Personal Finance

Thinking About Adopting a Pet? Here's How Much It Typically Costs to Own a Dog Or Cat


Of that nearly $104 billion, $42 billion went toward food and treats, $22.1 billion went to supplies like over the counter medicine and $31.4 billion was spent on vet care and pet products.

Pet services, including boarding, grooming, insurance, training, pet sitting and walking, made up the remaining $8.1 billion.

So how much does that come down to for an individual pet owner? If you're thinking about adopting a pet like a cat or dog, expect to spend between $1,100 and $3,200 during the first year, the ASPCA estimates. That includes the adoption fee, the cost of spaying or neutering your pet (if it wasn’t already done by the welfare organization), food, vaccinations, supplies, bedding and crates.

“First-year fees are often quite high because you are buying all the things you need and over time there are less of those things that pop up,” says Christa Chadwick, vice president of shelter services at the ASPCA.

The average adoption fee for cats less a year old was $82 last year, while the average fee for cats older than one year was $52. For dogs less than a year old, the average adoption fee was $185. And for dogs older than a year, the average fee was $109, according to data from PetPoint.

After that, you should be prepared to spend anywhere from $2,000 to $4,000 on your pet per year, New Jersey-based certified financial planner Eve Kaplan estimates, based on years of working with clients who own pets.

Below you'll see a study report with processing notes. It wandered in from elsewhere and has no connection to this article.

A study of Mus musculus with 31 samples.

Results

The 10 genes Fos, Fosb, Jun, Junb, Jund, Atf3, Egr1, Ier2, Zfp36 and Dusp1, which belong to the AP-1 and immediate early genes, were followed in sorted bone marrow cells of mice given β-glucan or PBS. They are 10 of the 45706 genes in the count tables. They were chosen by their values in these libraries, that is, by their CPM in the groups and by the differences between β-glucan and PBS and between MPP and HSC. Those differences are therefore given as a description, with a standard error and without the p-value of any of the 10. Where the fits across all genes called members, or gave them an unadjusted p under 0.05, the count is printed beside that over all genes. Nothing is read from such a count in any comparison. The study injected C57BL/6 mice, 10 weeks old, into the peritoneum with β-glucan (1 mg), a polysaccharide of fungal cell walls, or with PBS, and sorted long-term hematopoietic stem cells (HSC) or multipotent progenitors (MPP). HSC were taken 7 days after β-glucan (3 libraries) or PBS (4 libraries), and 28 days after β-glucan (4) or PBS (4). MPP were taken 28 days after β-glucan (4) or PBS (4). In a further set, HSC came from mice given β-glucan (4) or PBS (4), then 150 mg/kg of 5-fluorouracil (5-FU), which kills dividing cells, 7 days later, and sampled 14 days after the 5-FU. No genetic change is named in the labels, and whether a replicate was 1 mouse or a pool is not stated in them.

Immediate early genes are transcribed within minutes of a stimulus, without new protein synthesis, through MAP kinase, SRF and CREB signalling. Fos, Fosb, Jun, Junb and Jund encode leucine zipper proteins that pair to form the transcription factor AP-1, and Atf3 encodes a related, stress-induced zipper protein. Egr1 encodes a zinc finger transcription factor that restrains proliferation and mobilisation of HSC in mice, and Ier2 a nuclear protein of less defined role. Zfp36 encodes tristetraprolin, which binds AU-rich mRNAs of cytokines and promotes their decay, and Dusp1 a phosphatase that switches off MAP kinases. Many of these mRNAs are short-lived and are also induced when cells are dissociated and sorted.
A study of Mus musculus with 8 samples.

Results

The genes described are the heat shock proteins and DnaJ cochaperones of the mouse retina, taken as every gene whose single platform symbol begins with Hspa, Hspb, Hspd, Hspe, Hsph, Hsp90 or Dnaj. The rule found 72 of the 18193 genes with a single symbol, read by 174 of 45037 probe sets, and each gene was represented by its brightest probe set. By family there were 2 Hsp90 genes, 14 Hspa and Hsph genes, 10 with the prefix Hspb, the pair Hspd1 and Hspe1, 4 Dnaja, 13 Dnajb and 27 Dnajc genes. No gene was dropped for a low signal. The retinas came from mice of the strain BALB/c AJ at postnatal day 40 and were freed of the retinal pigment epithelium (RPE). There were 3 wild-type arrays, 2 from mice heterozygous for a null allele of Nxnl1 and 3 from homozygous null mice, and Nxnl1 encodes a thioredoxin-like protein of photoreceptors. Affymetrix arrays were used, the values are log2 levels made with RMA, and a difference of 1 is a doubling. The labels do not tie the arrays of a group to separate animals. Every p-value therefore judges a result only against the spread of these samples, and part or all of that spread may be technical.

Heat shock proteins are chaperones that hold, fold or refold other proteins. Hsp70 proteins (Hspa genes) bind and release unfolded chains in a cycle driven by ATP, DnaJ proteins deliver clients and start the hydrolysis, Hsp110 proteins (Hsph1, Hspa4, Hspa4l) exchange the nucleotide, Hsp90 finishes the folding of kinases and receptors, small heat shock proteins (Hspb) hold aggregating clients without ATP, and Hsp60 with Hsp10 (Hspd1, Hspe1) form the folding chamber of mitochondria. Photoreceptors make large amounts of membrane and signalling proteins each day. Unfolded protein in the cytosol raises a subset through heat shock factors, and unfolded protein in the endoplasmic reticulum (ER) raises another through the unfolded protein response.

In addition to things like food and grooming, annual costs include physical exams and vaccines. You should also be prepared for unplanned veterinary costs over your pet’s lifetime. "All you need to have is one or two medical crises and all of a sudden that budget is blown up and you are spending $5,000 or $10,000 or more in veterinary bills," Kaplan says.

Kaplan advises pet owners and potential pet owners to factor pet costs into their emergency cash fund. Depending on how expensive the products you chose are, you should be saving six months worth of pet costs in your emergency fund.

And keep in mind that adopting a pet means committing to caring for it for years to come. “Cats and dogs are generally with you for upwards of 10 or more years and sometimes at the point of adoption folks aren’t considering that long-term investment,” says Chadwick.